Din Tai Fung
The original Din Tai Fung in Taipei was founded in 1972. It has people milling around the storefront, eating roasted chestnuts from a street vendor opportunistically located nearby, while waiting for their number to be called so they can enter past the busy kitchen, and ascend the stairs to dumpling heaven.
The Sydney outposts (there are seven) differ in a few ways. The World Shopping Centre premises is more of a restaurant and people wait outside eating roasted chestnuts and drink beer. Restaurant chains typically invite scepticism, but they're also known for their consistency. At Din Tai Fung, this translates to reliably high-quality food comparable to the original, and service that's pleasant and efficient.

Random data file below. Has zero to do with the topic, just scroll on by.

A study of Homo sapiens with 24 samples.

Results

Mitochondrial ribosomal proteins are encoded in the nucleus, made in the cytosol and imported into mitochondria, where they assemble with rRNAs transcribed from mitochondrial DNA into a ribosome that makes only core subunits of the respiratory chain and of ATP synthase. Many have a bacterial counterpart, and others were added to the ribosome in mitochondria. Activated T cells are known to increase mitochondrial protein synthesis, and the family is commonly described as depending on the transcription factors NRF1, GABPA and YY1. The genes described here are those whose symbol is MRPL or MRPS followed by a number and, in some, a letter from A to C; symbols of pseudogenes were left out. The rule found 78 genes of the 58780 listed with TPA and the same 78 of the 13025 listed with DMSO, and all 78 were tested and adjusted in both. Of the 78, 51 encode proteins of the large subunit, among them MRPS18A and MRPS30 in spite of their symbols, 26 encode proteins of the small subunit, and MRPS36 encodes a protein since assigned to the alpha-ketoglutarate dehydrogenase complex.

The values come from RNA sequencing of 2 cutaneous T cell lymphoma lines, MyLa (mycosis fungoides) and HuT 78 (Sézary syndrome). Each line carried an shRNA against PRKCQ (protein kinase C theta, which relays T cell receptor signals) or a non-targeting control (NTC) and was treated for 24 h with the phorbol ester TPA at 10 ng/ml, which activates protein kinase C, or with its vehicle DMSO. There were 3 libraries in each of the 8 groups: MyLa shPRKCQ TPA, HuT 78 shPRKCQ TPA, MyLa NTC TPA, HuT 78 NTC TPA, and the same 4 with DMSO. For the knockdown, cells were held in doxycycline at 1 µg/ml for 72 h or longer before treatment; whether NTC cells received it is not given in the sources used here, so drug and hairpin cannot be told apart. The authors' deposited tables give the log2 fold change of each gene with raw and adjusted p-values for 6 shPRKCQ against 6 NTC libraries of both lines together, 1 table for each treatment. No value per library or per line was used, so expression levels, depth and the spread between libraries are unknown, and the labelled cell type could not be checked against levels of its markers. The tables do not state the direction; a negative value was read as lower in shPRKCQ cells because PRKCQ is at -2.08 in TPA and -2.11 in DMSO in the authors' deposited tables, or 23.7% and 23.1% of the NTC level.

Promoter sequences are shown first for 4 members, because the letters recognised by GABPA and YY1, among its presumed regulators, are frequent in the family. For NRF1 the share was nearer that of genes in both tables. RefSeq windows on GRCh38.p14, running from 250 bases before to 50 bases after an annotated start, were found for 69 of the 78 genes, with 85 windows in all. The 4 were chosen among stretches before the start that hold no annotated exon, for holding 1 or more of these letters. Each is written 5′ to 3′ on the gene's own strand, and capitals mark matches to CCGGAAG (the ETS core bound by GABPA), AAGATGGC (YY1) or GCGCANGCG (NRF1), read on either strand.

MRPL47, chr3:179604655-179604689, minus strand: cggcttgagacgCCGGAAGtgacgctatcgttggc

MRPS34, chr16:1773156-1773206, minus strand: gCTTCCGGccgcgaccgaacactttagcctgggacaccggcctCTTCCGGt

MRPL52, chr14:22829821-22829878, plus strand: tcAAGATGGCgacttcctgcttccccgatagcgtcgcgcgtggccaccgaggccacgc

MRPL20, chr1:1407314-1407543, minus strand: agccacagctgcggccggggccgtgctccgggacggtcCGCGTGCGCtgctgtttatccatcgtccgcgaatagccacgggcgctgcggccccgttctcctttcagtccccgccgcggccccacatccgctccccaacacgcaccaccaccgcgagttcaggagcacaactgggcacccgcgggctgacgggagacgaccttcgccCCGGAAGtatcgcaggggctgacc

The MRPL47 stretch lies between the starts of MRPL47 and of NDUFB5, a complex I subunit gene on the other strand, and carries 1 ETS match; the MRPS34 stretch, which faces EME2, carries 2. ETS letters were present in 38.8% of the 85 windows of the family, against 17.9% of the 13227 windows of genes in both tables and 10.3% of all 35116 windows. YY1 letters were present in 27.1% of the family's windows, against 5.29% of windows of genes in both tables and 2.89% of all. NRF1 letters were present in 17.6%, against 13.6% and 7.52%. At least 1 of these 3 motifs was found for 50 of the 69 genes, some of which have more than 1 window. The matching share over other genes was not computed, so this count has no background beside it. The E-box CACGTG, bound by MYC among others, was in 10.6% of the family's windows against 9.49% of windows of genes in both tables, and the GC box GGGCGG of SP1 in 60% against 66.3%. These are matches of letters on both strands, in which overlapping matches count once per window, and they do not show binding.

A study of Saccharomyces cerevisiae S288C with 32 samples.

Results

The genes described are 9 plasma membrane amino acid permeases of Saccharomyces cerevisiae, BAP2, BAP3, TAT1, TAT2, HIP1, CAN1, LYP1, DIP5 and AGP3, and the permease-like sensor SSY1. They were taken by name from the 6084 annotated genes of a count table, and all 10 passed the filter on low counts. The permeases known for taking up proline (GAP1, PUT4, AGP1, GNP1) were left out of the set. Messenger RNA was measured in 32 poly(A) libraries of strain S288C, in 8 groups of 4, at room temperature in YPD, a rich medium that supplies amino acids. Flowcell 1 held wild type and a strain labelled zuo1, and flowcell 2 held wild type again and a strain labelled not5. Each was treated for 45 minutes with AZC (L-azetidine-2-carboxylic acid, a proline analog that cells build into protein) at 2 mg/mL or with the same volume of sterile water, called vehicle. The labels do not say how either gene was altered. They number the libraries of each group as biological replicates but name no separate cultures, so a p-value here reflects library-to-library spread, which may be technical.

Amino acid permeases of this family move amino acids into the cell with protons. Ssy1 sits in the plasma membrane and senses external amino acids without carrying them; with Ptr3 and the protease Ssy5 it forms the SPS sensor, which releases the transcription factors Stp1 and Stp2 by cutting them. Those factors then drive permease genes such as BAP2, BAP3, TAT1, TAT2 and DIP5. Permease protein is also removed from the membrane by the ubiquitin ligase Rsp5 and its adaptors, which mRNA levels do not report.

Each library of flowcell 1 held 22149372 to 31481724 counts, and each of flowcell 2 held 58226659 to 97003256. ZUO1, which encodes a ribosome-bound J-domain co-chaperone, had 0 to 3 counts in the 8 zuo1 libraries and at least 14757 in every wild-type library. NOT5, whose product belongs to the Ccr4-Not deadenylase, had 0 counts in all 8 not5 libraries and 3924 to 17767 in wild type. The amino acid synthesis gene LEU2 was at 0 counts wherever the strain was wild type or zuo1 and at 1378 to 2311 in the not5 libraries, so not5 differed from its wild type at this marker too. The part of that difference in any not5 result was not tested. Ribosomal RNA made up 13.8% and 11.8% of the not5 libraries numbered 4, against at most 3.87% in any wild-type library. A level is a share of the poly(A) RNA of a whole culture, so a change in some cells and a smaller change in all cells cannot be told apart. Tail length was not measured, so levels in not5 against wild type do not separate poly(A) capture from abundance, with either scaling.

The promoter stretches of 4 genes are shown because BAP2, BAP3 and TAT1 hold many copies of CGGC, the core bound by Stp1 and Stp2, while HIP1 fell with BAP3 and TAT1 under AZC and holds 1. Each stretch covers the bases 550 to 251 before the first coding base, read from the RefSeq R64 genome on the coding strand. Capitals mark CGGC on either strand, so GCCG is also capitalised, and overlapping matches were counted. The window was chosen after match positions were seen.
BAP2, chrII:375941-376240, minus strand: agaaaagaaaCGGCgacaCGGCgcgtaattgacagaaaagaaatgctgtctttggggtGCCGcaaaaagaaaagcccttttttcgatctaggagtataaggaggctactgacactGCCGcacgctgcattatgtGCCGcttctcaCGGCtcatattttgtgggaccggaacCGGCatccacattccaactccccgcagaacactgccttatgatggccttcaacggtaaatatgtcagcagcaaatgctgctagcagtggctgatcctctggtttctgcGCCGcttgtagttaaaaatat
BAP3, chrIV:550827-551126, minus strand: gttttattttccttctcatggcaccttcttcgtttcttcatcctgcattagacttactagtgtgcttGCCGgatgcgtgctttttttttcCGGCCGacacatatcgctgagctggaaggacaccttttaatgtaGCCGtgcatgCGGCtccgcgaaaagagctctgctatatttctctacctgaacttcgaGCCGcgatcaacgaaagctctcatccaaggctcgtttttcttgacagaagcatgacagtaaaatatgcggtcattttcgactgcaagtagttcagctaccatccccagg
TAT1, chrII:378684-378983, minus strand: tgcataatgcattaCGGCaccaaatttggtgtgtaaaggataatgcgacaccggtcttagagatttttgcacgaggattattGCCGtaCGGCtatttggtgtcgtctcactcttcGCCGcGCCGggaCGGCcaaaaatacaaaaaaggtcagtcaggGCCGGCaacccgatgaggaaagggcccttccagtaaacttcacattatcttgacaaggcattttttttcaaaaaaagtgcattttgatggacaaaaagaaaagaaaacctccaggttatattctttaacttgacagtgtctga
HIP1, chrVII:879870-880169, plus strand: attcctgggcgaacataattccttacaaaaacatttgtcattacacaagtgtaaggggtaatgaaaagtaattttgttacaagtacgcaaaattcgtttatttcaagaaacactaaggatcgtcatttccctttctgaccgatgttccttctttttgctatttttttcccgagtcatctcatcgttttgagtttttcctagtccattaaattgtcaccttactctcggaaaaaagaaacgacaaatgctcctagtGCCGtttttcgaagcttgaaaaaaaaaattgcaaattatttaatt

The only puzzle is why the chain still feels the need to post placards boasting inclusion in the New York Times' Top 10 Restaurants in the World list – in 1993. It’s an impressive accolade, sure, but the food here absolutely speaks for itself.
The menu changes rarely, which is a good thing, as these dishes have been perfected. The famed pork xiao long bao are little parcels of soupy happiness. Despite some uncertainty regarding the specific ingredients in the "vegetarian delight", this signature starter is a winner. The fried rice, lacking the surplus volumes of oil that is the norm, is elevated from a perfunctory menu item to a must-have. For spring, don't miss Din Tai Fung's lamb dumplings, filled with molten chocolate and taro.
The venues at The Star and Westfield Sydney are more like cafes with much more condensed menus, although the renowned Golden Lava (a sweet and salty egg custard bun) is still available at all locations.